Fanboy


Wrapped in Grey

Tuesday, December 3, 2013


ABOUT a decade ago, the debate between two operating systems, the Mac OSX and Windows ensued. Both camps acted as i

f it was the final battle upon which the fate of the world hanged. One can almost imagine two groups of geeks threshing it out in an epic confrontation on the battlefields of the world wide web, emblazoned on their wallpaper like shields the recognizable Windows and Apple emblems. This battle continues to this day but there are new players such as the game-changer that is Android on the tablet/smartphone hybrid platform. But it is interesting how the original two camps actually represent divergent approaches to the melding of man and machine.

Windows was the operating system that everybody knew and was dominant by sheer power of distribution reach and prevalence. It had more programs that can run on it including that all-important key generation software that was all the rage in the first years of peer-to-peer sharing.

But virus infections, if you can call it that, as well as the registry system getting messed up causing boot failures resulting to the appearance of the dreaded blue screen of death kept in check the optimism people had about the digital future. For someone losing many hours of work because of an unexplainable anomaly that only that strange being manning the engines down at MS-DOS sector knows about, Windows felt more like the dystopia of Terminator II.

I took to the Apple camp and became a fanboy largely because of the hassle-free experience that characterized my relationship with a second-hand Powerbook G4 12 inch which was already well on its third year of service with its’ former owner when I acquired it. This workhorse remained productive to me for another seven years with only a screen replacement and hard drive upgrade as modifications until it finally conked out just a few months ago this year. I had the chance to open this small but heavy and reliable beast when I did a DIY hard drive upgrade and was amazed at the solidness of the build. It even had copper tubing acting as air coolant at the heart of the logic board.

I edited digital videos straight to the machine via firewire, wrote my graduate thesis, and enlarged my mp3 collection and other types of things you collect from the internet. It was virtually running 24/7 since it was downloading during my idle time and I have since been convinced about this technique to ensure the longevity of electronics. If you keep it running, it will almost last forever. When a friend of mine had her macbook air busted because of mildew build up inside, in my mind it was because she wasn’t using it enough.

Something must be said about the OSX as an operating system too. The thing with Windows is that you are forced to submit to the language of the computer to make yourself and the machine productive. Indicative of this is the way it forces you to handle folders and files for instance. If there are traces of obsessive compulsiveness in your persona, then windows and the hierarchy of folders and the associated files neatly kept where they should belong might soothe you for they reflect the orderly mind that you have.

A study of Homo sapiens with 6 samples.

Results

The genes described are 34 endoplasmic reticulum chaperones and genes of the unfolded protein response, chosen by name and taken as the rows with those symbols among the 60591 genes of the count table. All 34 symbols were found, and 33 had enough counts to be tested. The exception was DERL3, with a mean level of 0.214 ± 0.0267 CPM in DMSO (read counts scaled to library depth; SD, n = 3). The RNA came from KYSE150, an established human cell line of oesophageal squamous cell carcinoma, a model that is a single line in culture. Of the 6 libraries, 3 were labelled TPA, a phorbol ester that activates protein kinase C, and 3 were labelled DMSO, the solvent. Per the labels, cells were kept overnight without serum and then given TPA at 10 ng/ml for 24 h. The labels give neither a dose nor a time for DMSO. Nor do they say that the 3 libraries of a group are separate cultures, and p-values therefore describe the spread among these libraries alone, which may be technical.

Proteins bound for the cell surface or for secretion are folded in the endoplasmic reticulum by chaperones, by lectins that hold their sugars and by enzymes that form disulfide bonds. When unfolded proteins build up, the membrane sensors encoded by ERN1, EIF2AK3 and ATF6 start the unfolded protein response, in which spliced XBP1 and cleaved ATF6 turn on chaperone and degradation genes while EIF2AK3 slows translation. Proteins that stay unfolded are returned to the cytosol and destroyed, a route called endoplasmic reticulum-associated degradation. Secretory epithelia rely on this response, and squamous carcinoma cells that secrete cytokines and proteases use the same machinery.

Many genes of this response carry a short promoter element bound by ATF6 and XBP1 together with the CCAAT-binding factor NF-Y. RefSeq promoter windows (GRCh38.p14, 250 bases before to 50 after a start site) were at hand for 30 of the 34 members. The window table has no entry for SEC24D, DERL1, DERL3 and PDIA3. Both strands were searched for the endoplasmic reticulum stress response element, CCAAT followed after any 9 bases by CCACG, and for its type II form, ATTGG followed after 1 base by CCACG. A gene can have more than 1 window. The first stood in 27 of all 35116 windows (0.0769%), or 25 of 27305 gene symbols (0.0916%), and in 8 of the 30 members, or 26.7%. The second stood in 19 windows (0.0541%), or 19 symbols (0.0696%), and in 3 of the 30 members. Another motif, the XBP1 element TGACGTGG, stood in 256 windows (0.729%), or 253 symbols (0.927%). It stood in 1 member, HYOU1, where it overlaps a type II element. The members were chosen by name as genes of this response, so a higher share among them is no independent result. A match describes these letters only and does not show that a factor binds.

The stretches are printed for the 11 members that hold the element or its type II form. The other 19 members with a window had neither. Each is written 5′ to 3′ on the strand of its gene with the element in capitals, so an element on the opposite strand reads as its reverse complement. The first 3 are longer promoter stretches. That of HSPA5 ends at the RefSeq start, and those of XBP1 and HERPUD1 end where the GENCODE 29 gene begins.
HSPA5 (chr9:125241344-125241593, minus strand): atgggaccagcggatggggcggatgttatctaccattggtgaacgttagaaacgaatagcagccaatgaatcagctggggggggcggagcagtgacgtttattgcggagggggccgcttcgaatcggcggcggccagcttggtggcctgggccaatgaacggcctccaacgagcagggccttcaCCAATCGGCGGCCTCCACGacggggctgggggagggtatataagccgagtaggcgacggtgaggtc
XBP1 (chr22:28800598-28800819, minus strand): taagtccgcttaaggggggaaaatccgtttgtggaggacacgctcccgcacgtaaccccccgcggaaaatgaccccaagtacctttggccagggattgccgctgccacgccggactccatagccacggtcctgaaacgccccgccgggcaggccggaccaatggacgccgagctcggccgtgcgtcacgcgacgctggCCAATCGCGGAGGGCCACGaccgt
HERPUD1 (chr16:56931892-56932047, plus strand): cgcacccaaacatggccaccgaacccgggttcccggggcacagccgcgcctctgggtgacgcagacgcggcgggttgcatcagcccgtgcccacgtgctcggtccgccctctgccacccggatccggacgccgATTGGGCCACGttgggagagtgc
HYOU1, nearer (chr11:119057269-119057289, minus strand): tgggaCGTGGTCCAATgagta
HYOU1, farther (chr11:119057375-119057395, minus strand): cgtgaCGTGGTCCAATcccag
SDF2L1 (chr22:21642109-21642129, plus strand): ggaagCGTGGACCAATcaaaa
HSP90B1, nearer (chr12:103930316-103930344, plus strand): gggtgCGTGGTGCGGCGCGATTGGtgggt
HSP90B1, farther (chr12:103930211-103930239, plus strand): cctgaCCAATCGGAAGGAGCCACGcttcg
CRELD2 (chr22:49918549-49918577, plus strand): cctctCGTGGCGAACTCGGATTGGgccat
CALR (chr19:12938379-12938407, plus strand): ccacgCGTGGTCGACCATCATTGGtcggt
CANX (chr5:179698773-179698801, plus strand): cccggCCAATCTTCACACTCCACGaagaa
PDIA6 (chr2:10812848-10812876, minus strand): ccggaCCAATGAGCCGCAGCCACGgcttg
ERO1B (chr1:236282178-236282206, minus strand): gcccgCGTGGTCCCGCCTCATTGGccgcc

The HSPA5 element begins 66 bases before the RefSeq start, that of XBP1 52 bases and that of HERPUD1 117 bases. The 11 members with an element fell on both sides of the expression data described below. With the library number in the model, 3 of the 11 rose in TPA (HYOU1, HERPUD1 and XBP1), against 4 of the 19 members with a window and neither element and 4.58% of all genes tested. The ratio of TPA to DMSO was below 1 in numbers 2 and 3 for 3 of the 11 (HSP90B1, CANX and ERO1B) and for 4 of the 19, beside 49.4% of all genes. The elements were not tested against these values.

But for wild and crazy thinkers like me, keeping folders and filenames well-arranged take up too much time and mental power to be bothered with. Enter the powerful spotlight or search function at the heart of the OSX file system. Here, you just enter a keyword, a concept in your paper perhaps, an address in a contact information buried deep in a word document, then voila – the mac operating system will automatically call out the files according to type and date when it was last modified. You can keep all your files in a folder called documents and just archive whole projects when they are done with into neat folders. But when a project is still in the process, it will allow you to make a mess on your computer without reprimand.

But the greatest feature of the Mac and represents the intuitive nature of the man and machine interface that the guys in Cupertino have perfected is that they have made the annoying process of boot up unnecessary. For a writer, teacher, and somebody basically dealing with ideas, a gem of a thought arrive and leave at the most unexpected time.

A brilliant idea may occur in the middle of cooking breakfast, all you have to do is open the lid and begin working. If work frustrates and angers you, close the lid and everything gets saved. When you have it worked out in your mind a few hours later, you just open the lid again and resume that train of thought without having to deal with a boot up sequence.

Yes, I love the Mac. I know that now even more because I just finished this column on a Dell running this cumbersome OS called Windows 8. Now, how do you turn this darn thing off?

Published in the Sun.Star Cagayan de Oro newspaper on December 04, 2013.